How Green Was My Valley: Special Edition

January 28, 2012 7 Min Read

Review by: Fusion3600

Plot: What’s it about?

Now sixty years of age, Huw Morgan’s memories are all he has to keep his younger days close at hand. Morgan remembers the details of his youth, his family, and the small town where he grew up. As he reminisces, he see the world of the small town begin to develop, and by the end, we know much about the town and the Morgan family. The town was best known for it’s mining resources, so the local mine was the focus of employment for the residents. The story deals with how the mine is brought into a union based system, and how his family slowly drifts and breaks apart. But the main focus is in Huw himself, who endures countless hardships, usually involving his social peers. He and his family have little to count on outside of their precious family unit and with financial strain bearing down, even that doesn’t seem as stable anymore. This is a general overview of the plot movement, but as you’ll see when you watch the movie, there is so much detail and subtle touches, it’s hard to summarize.

How Green Was My Valley is a classic film, which is critically acclaimed as well as well received by the public. In 1941, it took home five Oscars; Best Picture, Best Director, Best Supporting Actor, Best Art Direction, and Best Cinematography were the awards it walked away with. I liked the movie quite a bit, mainly due to the fact that it seems real. I can see this happening in small towns even know, the collapse of local families and problems with the primary employer are troubles that face towns everywhere. I also like the fact that the movie lacks the usual Hollywood shine, it doesn’t sugarcoat the issues found inside the town. If you’re a classic movie buff, or are just looking for a great classic to enjoy, I recommend this movie highly, and this new disc is a real knockout. So whether you own the previous edition or not, Fox’s new Studio Classics version of How Green Was My Valley is highly recommended.

The acting in this movie is excellent, but the directing really steals the show. A legend in the directing field, John Ford added yet another epic to his roster with this movie. Ford used some outstanding framing and “mise en scene” with this picture, some of the best from this time period. While Ford is best known for westerns, such as The Searchers and Stagecoach, he also mastered the other genres, especially those which explored the human process, such as How Green Was My Valley. The cast is also good, with strong leading performances by Walter Pidgeon (Forbidden Planet, Funny Girl) and Maureen O’Hara (Rio Grande, Miracle On 34th Street). Since the material calls for natural, subtle performances, the acting is reserved, but that is the intent here. Also starring in this movie are Donald Crisp (National Velvet, The Man From Laramie), Michael Greer (Three Daring Daughters), Sara Allgood (The Spiral Staircase, The Lodger), and Roddy McDowall (The Legend of Hell House, Lord Love A Duck).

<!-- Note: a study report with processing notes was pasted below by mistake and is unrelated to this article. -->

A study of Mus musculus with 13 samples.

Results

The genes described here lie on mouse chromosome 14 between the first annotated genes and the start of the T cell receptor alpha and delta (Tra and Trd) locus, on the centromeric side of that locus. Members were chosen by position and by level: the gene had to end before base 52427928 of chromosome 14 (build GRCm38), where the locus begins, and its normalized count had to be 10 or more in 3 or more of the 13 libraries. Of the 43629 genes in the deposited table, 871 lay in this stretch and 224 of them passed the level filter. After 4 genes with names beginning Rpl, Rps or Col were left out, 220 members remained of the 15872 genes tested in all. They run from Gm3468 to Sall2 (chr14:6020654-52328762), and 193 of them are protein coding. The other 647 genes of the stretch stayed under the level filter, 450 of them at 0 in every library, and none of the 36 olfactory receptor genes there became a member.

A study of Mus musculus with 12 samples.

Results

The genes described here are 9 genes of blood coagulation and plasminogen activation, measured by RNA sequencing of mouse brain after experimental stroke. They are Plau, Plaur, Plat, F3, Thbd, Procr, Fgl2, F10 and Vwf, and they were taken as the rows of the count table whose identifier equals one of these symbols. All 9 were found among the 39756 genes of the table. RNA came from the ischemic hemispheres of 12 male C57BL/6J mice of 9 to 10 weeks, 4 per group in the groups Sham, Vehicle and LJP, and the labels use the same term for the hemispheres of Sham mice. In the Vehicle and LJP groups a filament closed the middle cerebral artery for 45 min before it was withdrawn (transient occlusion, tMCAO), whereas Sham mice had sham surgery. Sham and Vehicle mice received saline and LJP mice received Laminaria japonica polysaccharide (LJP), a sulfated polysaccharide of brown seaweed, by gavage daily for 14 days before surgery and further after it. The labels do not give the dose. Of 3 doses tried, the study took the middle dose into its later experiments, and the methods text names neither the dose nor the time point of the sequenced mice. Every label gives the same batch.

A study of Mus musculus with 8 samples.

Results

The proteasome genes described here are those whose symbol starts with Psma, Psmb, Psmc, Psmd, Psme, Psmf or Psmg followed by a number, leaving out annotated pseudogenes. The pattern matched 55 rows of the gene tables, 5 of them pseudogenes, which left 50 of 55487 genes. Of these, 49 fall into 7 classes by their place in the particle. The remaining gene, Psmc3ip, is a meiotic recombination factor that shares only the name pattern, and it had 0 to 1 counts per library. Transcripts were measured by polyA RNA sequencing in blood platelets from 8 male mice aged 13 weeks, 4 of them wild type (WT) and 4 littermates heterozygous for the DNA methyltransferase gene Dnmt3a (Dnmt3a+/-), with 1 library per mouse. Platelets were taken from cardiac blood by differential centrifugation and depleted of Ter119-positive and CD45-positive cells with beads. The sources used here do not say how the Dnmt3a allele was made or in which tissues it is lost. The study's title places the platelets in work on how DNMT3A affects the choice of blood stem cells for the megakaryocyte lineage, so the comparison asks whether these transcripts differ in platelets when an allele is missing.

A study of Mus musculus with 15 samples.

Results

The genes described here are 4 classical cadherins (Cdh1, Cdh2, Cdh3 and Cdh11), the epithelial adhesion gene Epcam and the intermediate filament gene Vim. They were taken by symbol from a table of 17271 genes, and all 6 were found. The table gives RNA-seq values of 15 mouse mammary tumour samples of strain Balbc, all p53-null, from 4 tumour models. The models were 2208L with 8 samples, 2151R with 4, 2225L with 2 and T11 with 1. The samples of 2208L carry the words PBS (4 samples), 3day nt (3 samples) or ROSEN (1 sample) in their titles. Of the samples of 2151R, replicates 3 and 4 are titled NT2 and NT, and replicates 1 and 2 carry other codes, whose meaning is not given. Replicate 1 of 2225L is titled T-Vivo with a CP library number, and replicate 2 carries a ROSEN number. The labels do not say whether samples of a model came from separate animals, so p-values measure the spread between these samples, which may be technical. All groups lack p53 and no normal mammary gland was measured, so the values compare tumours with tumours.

Video: How does it look?

How Green Was My Valley is presented in full frame, as intended. This is a dynamite visual effort, the kind of transfer you’d expect for a classic like this one. The print is in excellent condition, so grain and debris never prove to be an issue, which means the gorgeous black & white visuals can come through unhindered. The image is quite sharp and crisp, so little touches leap out at times, making this a wonderful all around effort. No problems in terms of contrast either, which is good, since black & white are the only shades this picture has. The black levels seem in tune and provide solid detail levels throughout. I am pleased to see Fox go back and improve this film’s visual treatment, let’s hope future Studio Classics look this good.

Audio: How does it sound?

The audio here is quite robust, with more presence than you might expect, given the age of the material involved. I won’t go out on a limb too much here, but this a very well mixed soundtrack, with just enough punch when needed. So instead of sounding flat and dated like a number of films from this time period, How Green Was My Valley has a more rich, though still somewhat dated audio texture. So no, you won’t be using this disc to showcase your home theater, but for what it is, this is a splendid presentation. This disc also includes a mono option, French & Spanish language tracks, and subtitles in English and Spanish.

Supplements: What are the extras?

An audio commentary starts us off, with film historian Joseph McBride at the helm and star Anna Lee on hand as well. McBride covers an immense amount of data in this track, so be prepared to learn a lot, especially about how the movie differs from the source novel. Lee sometimes chimes in and is enthusiastic when she does, but McBride is front and center in this session, delivering an insightful and worthwhile experience. A well crafted episode of AMC Backstory is also found here, which focuses on the details behind the creation of this picture, with special attention paid to Ford’s direction. I was pleased to see this Backstory episode included here and of course, I hope to see more as Fox expands its Studio Classics line. This disc also includes some still photos, as well as the film’s theatrical trailer.